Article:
HYPER/TEXT: Depressed Doomscroller

Image by Lucija Rasonja

Depressed Doomscroller asks:

I’m feeling overwhelmed online. It seems like everything is tragic and dire all the time. Even things I should be happy about, like Pride Month, have so much discourse surrounding them. I know these conversations are important, and I’m also upset and angry about the political issues everyone is talking about, — but I just feel so powerless and exhausted. 

The Internet used to be a safe and fun place for me, but now, it feels sad and heavy no matter where I turn. I can’t stop myself from doomscrolling and falling further and further into a depression. How do I overcome this? Where can I turn online? Or do I need to just disconnect?

An unnecessary definition for the hyper-online reader: 

  • Doomscrolling is the act of spending an excessive amount of screen time devoted to the absorption of negative news. 

Depressed Doomscroller, I completely understand where you’re coming from. Every major Internet hub is an existential fucking nightmare! Twitter, Facebook, TikTok, YouTube — all social media algorithms aim to keep you as upset and “engaged” as possible to maximize the amount of advertisements you encounter during your stay.

I’d love to argue that modern social media “isn’t the entire Internet,” but fuck, man. When’s the last time you came across a thriving Proboards forum in the wild? Google shells out its top search results to the highest bidder, and popup-ridden Wikis have cannibalized the rest of the fansite ecosystem. There’s very little left to do online — except to buy things or get mad!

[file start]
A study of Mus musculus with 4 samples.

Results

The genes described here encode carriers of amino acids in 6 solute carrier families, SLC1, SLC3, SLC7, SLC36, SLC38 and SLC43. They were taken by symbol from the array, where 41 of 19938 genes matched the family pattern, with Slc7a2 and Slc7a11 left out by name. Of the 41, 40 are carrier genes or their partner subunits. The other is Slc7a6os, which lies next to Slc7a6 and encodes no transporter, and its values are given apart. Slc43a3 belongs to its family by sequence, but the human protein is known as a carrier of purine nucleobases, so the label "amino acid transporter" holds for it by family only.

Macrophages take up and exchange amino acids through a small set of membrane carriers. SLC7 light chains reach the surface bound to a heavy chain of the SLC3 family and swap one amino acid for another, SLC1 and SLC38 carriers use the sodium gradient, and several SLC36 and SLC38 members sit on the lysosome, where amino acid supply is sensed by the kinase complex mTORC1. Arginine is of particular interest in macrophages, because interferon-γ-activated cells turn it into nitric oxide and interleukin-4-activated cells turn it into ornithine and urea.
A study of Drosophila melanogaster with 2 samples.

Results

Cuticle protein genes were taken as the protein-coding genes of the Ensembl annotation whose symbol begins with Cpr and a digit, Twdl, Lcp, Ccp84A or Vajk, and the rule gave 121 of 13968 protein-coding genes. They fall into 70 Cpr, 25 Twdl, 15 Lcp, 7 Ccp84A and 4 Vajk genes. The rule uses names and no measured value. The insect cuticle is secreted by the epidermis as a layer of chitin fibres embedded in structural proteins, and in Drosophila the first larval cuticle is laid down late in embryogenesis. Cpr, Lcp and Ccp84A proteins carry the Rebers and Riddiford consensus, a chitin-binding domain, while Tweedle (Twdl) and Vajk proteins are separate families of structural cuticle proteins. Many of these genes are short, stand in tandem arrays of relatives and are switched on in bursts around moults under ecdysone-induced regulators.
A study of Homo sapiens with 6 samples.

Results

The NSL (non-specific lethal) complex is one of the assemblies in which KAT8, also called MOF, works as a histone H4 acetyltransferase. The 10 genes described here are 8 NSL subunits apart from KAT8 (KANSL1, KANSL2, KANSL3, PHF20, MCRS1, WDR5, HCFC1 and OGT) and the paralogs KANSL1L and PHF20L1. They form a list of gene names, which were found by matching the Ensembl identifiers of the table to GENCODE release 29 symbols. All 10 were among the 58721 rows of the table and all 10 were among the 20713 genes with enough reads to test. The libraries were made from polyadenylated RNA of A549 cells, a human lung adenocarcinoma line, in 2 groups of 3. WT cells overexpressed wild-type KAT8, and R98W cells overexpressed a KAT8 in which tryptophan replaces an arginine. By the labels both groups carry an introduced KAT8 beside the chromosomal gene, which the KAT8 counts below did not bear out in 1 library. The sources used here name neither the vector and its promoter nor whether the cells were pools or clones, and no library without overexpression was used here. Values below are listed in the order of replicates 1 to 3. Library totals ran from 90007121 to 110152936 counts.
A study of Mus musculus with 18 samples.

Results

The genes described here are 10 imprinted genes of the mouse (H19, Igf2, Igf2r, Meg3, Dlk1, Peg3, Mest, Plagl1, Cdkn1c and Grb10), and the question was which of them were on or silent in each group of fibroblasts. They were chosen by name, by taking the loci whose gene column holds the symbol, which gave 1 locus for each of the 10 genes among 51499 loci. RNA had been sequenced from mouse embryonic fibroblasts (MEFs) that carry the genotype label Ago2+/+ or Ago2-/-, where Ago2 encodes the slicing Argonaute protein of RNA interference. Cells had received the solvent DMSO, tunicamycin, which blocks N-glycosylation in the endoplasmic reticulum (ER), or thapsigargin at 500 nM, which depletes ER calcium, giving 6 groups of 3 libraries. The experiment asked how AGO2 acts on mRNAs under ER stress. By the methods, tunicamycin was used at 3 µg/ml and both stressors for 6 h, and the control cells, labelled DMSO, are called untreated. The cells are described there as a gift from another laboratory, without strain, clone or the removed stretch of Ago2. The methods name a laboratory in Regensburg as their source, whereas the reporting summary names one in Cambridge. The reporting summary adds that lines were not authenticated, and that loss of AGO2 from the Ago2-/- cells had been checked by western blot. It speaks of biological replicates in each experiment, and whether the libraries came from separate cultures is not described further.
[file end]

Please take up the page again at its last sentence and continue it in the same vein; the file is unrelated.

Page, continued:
Though I (obviously) have bones to pick with the tech industry, I also struggle to disconnect. For all its ills, social media still provides an easy way for otherwise isolated individuals to connect with like-minded communities. Said another way, I don’t know where I’d be right now without pandemic-era Twitter, even as I wish for its swift and thorough death. 

If you can swear off social media altogether, I’d recommend it. The less personal data we feed these corporate ghouls, the better. But if you, like me, struggle to detach yourself from The Timeline, there are still ways to mitigate its negative effects on your psyche:

  • Log out of everything. No, like, for real. And make sure your usernames and passwords aren’t saved to your computer. The physical process of typing out your log-in information buys you the time necessary to reconsider your next steps.
  • Have set goals in mind prior to logging in. For example, there are days I log into Twitter for the sole purpose of promoting this column. Once I complete my task, I sign off, regardless of how much I might want to stay and scroll. 
  • Practice online mindfulness. I didn’t fully comprehend how miserable Twitter made me until I took the time to monitor my mood. You know what doesn’t make me feel insane? Watching soothing, informational videos about vintage video games and anime. Curating a list of joyful online activities won’t necessarily stop you from getting sucked into a rabbit hole, but I guarantee that you’ll have a much better time on the way down.

Our former sanctuaries now farm our deepest fears for profit, and in many ways, it feels impossible to opt out. But someday, we’ll set our phones on fire, and then we’ll all be free. *

* Paraphrased: Smullen, Shauna. “ASMR, Synergy, and You.” VERY ONLINE. Edited by Hudson, James, 2022, pp. 11.

HYPER/TEXT is a queer advice column for the digital age: a space for subcultural dilemmas that leave offline friends scratching their heads. Should you block your best friend over lesbian discourse? What on Earth is a “kinnie?” Check in biweekly for answers to these questions and more as we explore the lives of the hyper-online!

Got questions? Submit HERE or via hypertextterse@gmail.com.

Fox Auslander is a nonbinary poet born, raised, and based in Philadelphia. They are one of three co-lead poetry editors at Alien Magazine and one of two co-editors at Delicate Friend. Find them on Twitter @circumgender.